Game on

How one Irish sports-technology startup is taking it to the likes of Adidas

Playertek thinks it can help everyone train like a pro.

THEY ARE THE sports accessories for generations raised on video games – wearable devices that break down the every move of real-life players into reams of data.

The industry has drawn attention from big players like Adidas with its consumer-focussed MiCoach, while for professionals there are specialists like Australia’s Catapult Sports, which has been valued at about €100 million.

But the high cost of devices designed for the rigours of the GAA, rugby or soccer pitch has put the technology out of reach for most outside the pro leagues.

Dundalk-based Playertek, with the backing of several high-profile investors, recently launched a GPS tracking system aimed at bringing elite-level analytics to amateurs in all the football codes.

Playertek CEO Ronan Mac Ruairi said strength and conditioning – the analytical part of a team’s coaching arsenal – had recently taken off even in codes where it traditionally played a very distant second best to teams’ skill-based work.

You used to hear stories about professional footballers coming off the field and lighting up a cigarette … those stories were great craic, but they don’t really happen any more - over the last few years all the teams have become super-fit,” he told

Ronan Mac Ruairi and Kevin McDaid Playertek's Ronan Mac Ruairi and Kevin McDaid

The push to find a competitive edge, coupled with the power of technology, has driven an ever-rising player-data craze across all sports.

Before starting Playertek with chief technical officer Kevin McDaid, Mac Ruairi worked in data analytics with a rival firm, servicing top-flight clubs including the Irish and English rugby teams, and Manchester United.

The pair knew amateur and semi-professional teams would be interested in the same technology, but system pricetags of over €3,000 per player put the technology out of reach for clubs without the same deep pockets.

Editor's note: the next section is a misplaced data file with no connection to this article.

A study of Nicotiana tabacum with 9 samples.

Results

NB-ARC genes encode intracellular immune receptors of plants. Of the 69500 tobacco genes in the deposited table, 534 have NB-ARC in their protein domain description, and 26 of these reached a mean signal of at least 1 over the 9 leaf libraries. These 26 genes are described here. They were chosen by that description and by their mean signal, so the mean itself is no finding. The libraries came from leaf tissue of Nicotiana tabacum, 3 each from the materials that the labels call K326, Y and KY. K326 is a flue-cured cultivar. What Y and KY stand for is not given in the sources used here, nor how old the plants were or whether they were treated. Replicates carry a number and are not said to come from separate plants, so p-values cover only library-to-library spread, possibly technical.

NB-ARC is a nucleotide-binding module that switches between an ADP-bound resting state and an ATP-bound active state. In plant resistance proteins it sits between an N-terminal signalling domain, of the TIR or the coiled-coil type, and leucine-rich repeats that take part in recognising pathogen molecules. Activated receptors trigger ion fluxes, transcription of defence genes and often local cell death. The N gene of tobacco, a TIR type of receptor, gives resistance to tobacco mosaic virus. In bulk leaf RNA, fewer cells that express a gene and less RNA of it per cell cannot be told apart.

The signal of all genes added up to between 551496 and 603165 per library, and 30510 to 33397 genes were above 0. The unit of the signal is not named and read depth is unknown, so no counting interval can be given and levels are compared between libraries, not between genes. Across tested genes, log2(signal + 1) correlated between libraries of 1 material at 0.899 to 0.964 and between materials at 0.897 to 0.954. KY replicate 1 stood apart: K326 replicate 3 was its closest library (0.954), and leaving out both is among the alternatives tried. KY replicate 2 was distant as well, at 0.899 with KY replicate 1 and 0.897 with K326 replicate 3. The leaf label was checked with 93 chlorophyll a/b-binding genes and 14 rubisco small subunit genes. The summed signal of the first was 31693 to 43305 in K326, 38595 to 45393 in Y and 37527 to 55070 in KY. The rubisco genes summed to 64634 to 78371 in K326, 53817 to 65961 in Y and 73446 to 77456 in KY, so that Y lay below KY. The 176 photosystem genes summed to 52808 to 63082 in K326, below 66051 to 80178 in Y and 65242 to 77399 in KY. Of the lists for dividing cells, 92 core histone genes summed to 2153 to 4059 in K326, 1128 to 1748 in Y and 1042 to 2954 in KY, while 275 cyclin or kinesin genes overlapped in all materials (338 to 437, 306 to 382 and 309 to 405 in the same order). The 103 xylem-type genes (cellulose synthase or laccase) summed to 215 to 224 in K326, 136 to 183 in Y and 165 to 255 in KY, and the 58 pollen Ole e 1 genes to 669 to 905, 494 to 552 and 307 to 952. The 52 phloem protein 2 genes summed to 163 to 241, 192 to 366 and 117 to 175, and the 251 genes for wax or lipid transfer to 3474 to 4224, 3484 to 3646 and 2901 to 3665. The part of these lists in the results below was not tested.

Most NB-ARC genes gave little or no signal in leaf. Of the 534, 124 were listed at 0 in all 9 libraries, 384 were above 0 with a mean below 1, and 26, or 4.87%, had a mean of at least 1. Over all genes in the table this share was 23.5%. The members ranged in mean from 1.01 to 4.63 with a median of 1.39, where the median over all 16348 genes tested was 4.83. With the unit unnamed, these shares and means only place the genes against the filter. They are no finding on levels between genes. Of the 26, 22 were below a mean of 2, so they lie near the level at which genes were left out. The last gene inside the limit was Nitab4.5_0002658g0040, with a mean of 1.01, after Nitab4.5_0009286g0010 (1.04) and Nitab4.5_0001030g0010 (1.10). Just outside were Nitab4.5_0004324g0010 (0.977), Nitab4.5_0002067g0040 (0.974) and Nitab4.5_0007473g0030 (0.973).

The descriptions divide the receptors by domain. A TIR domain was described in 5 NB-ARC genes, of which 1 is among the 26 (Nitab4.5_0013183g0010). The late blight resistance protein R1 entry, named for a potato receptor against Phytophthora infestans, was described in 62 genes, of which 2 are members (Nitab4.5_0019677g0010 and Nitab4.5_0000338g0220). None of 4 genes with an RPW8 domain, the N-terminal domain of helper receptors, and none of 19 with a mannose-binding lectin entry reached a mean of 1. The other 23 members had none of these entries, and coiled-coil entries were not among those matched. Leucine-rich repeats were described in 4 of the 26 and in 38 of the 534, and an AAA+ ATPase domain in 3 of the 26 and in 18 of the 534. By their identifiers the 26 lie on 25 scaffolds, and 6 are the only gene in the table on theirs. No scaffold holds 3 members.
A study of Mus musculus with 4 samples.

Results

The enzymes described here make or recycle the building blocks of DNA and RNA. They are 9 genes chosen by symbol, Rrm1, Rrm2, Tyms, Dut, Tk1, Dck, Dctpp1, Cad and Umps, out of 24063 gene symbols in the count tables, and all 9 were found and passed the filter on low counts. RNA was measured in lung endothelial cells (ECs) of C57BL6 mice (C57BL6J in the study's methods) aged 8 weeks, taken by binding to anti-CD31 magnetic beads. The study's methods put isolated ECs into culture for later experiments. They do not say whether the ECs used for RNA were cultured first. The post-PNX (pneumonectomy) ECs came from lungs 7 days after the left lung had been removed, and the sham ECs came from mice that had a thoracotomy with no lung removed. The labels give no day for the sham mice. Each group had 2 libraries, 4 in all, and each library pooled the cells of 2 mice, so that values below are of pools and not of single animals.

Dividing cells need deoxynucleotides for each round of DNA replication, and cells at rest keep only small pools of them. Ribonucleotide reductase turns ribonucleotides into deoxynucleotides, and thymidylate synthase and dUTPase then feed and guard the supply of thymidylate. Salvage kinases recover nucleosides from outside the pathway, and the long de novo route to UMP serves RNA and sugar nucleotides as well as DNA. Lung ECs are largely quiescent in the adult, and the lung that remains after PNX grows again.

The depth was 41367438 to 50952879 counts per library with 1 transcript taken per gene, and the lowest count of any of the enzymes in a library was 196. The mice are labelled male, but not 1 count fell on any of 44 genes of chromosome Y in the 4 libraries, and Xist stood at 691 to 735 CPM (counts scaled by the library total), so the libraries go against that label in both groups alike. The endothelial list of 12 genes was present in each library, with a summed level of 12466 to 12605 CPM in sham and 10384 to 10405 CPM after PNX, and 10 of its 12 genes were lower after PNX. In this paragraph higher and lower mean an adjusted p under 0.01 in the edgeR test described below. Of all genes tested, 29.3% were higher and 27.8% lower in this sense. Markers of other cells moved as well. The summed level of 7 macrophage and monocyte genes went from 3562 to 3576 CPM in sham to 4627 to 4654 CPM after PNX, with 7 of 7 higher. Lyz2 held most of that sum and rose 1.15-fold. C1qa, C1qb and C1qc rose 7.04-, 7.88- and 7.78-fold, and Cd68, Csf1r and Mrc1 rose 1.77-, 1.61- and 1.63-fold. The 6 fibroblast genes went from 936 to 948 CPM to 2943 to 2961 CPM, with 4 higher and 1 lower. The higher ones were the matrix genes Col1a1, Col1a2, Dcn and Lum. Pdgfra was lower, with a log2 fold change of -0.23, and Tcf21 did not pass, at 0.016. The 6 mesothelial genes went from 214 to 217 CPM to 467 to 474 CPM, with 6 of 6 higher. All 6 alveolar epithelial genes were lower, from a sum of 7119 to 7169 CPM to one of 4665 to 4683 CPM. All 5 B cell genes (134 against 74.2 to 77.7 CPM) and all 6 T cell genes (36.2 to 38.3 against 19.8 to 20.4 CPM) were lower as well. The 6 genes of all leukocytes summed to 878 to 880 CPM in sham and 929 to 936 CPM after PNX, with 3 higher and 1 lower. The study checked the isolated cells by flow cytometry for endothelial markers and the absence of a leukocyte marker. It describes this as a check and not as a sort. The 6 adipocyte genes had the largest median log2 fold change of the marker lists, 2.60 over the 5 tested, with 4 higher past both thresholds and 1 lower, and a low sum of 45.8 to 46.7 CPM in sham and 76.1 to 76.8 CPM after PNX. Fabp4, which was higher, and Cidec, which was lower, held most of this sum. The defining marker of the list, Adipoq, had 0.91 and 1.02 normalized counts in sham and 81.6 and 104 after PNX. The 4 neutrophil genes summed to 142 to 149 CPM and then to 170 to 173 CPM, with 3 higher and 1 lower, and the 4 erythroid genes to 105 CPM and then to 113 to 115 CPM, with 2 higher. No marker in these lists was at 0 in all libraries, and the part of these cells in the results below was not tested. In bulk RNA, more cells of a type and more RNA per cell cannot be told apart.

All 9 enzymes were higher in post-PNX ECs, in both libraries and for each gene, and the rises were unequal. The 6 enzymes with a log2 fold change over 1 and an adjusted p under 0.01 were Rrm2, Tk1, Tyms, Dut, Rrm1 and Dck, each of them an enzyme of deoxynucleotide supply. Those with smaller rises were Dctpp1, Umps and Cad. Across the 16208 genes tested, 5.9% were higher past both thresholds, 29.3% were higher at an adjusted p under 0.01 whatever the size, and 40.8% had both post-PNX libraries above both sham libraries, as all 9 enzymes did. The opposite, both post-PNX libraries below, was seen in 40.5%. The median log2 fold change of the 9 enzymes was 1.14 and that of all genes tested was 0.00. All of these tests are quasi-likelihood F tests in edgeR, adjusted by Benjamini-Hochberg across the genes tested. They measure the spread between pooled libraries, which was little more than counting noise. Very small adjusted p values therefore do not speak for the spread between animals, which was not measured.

The systems out there were very expensive, but they were also first generation so they were quite finicky,” Mac Ruairi said. “We needed our product to be something that a 13-year-old could pick up, switch on and use.”


How does it work?

Playertek’s systems use global positioning technology to measure players’ key statistics from the distance they covered to their number of “power plays” – periods of brief, high intensity.

Those figures are then downloaded and crunched online through its software, allowing coaches and players to compare performance and tailor training.

Mac Ruairi said one example of how the system could be used was to look at the distance a player ran and the intensity of their workload during a training session, and then compare that to match day.

You might find out that the match intensity was double and then we can ask ‘are you happy with that?’. The answer might be yes and the answer might be no, but we are helping people to ask the right questions.”


Startup ‘challenges’

Despite the systems selling for €249 apiece, a hefty sum for an amateur footballer, Mac Ruairi said he expected the startup’s main customers to be individual players.

Playertek’s product has already been picked up for sale through Pro:Direct Soccer in the UK having gone on the market about three months ago.

To get off the ground, the company raised €1 million from Danu Investment Partners, the investment outfit of Setanta Sports founders Leonard Ryan, Mark O’Meara and Mickey O’Rourke, and entrepreneur Brendan Gilmore.

This week Mac Ruairi was in the US to pitch the products to tens of thousands of soccer coaches at their summer symposium, and ultimately he hoped to crack the huge North American sports industry.

The size of the market is staggering but that also presents challenges when you are a startup from 3,000 miles away with 10 people,” he said.


But have they experienced any push-back from the old hands over concerns all the data was taking some of the artistry out of their games? Only a few of the granddads, Mac Ruairi said.

These kids growing up are used to playing Fifa Soccer on Xbox, they are used to stats and numbers in a way even I wasn’t used to when I was growing up,” he said. ”And we certainly aren’t getting any push-back from people who are actually playing.”

This month, as part of’s ongoing startup and small and medium enterprise (SME) focus, we are looking at the health and fitness industries.

To view other stories from our collection, click here.